Luc

it also depends on the variety of blackberry you
are using.

A bit late but you could add elderberry juice in the future
(not more as 10%) which will add tannins and keeps
preserving the dark red color.

Luc
 

oldwino

How long do you age before bottling? I have never had that problem with blackberry. I do filter with a #2 buon filter (I'm really into modern times with the filter). I have another carboy ready to bottle in a couple of months that is on oak right now. However, I don't bottle any wine before at least 8 months. My complete recipe for my blackberry wine is on the brewersroundtable forum under wine recipes. I wonder if it could be the type of blackberry. I used Walmart's frozen blackberries. The only thing I may be doing different is I never rack from the primary. I transfer. I want to leave as much of the lees in the secondary as possible from the primary, except for the bag which I squeeze lightly. It seems to enhance the flavor later. I wait another 3 to 4 weeks before I rack again. I have waited as long as 6 weeks but you usually have to splash rack if you wait that long. However, that was the most awesome wine I ever made with great flavor. Some of my proceedures are different because I learned from an old commercial wine maker in So CA a long time ago and I'm too old to change now. This is interesting though. I have had sediment before I started filtering a few years ago but no pigment loss.

I just happened to think about this a little longer. I ferment in a dark wine room. The only light is when I am in the room. The blackberry wine goes to a dark green bottle. From there it goes to a vino temp wine box that is also dark. It really never sees any daylight until I pour it in the glass.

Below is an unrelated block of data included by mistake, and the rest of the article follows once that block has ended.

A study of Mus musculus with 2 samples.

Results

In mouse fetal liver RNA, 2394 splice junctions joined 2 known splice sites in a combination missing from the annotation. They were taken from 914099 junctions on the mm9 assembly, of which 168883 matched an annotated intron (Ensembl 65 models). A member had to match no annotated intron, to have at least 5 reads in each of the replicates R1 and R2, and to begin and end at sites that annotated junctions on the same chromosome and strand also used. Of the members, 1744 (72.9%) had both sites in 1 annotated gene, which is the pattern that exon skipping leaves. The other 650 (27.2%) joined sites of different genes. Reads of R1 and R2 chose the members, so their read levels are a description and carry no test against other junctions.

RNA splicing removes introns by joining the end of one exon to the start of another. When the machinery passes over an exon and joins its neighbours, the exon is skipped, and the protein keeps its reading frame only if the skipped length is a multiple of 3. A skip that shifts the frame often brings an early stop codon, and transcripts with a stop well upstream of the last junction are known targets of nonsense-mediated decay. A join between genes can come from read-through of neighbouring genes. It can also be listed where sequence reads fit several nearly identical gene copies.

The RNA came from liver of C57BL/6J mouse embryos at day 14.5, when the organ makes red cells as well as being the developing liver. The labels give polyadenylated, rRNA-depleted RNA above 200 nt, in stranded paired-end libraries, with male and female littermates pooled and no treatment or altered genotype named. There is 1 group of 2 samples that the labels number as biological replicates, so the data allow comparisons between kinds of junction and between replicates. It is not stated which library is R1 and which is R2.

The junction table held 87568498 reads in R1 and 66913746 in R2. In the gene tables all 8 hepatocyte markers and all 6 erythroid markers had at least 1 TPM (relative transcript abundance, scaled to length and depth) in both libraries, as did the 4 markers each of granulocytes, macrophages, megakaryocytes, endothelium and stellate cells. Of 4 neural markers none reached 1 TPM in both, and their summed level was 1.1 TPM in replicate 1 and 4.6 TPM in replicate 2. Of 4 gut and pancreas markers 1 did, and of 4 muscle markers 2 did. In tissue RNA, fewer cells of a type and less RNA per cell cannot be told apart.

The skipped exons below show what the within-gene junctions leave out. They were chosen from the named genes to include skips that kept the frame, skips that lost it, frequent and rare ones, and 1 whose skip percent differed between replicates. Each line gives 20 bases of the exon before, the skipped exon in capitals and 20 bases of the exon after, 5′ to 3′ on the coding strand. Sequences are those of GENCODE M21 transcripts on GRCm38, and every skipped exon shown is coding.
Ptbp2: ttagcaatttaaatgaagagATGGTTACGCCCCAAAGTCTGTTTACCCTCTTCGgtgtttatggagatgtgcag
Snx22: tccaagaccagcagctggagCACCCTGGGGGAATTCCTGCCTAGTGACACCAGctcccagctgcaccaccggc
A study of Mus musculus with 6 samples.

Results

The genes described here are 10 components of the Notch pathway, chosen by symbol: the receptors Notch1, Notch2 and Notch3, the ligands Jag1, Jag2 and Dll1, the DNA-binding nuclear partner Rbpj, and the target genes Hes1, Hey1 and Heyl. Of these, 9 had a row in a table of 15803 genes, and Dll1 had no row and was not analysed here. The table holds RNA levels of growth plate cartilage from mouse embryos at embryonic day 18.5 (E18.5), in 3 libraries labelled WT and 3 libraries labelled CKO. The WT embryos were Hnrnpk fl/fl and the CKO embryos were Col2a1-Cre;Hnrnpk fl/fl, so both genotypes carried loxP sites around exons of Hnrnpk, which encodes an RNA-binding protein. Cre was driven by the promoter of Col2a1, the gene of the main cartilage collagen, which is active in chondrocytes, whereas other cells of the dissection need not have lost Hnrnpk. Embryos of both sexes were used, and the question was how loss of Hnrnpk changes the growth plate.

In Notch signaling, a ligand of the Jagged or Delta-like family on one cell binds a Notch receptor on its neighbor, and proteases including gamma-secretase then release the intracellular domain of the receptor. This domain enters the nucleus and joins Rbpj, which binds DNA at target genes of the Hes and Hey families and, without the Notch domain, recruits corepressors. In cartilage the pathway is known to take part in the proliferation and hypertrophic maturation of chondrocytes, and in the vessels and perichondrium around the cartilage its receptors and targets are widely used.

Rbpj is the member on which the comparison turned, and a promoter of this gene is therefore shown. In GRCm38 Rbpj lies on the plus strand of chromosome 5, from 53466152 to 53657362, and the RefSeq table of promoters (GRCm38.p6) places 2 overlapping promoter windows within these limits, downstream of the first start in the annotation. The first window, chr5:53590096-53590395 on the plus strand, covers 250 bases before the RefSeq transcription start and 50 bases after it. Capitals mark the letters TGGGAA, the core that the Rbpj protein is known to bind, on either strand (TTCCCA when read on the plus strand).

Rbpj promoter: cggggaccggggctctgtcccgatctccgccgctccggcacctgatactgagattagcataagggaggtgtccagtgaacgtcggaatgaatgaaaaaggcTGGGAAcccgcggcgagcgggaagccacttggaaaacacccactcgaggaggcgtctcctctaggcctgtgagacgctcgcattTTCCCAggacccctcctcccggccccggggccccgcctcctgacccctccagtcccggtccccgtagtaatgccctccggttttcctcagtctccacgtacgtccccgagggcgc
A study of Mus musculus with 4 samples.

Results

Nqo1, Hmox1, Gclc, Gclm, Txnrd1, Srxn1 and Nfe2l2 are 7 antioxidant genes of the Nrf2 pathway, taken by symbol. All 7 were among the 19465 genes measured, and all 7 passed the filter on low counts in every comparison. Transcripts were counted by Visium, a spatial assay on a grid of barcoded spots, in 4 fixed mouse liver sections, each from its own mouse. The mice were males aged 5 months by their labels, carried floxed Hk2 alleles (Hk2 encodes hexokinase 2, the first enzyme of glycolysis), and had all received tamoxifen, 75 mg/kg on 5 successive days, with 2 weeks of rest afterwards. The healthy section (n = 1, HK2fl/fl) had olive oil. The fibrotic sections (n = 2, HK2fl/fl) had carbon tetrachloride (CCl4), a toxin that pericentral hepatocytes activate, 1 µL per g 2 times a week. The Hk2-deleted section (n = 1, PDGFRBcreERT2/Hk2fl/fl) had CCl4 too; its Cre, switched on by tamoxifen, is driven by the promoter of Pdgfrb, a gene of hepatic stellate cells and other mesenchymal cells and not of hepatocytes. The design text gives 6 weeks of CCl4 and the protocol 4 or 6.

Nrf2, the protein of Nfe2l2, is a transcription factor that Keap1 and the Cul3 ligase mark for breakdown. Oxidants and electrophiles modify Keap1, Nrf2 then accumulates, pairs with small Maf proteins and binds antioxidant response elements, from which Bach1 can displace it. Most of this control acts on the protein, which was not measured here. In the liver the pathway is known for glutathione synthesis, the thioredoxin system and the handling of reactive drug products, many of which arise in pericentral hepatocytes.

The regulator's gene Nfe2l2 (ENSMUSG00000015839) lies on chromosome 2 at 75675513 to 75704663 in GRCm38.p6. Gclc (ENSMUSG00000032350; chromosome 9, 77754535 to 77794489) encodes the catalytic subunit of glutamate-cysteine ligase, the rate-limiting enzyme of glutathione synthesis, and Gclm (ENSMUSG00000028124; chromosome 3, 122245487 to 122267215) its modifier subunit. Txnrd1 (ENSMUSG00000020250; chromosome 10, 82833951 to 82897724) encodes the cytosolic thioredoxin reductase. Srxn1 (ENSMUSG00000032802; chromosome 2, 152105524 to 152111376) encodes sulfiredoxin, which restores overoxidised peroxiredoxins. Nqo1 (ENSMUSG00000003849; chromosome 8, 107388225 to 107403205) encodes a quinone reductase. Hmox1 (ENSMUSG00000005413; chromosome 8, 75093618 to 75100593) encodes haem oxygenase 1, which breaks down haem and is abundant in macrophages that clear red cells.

I opened a bottle today that was bottled 2months ago and had been started in May. No sediment so far but we haven't gotten to the bottom of the bottle yet. I'll give a followup tomorrow when we finish the bottle.
 

Sacalait


I opened a bottle today that was bottled 2months ago and had been started in May. No sediment so far but we haven't gotten to the bottom of the bottle yet. I'll give a followup tomorrow when we finish the bottle.
As for the transfer method and racking times we're doing it the same way. I don't understand the "splash" racking you referred to, what is the point in that?

I ferment in a room that gets a little sun light but I keep the carboys covered. As for the bottles, they're mixed but for the most part they're colored brown or green.
 

oldwino

 

Sacalait

 

oldwino


An added note to my above post. I add yeast nutrient when I add the campden. After 24 hours I add yeast energizer, stir it in, then sprinkle the yeast on top and start stirring or punching down 24 hours later. I then do that twice a day. I prefer the S. bayanus strains of yeast because they are less likely to produce SO2. However that is just a personal preference.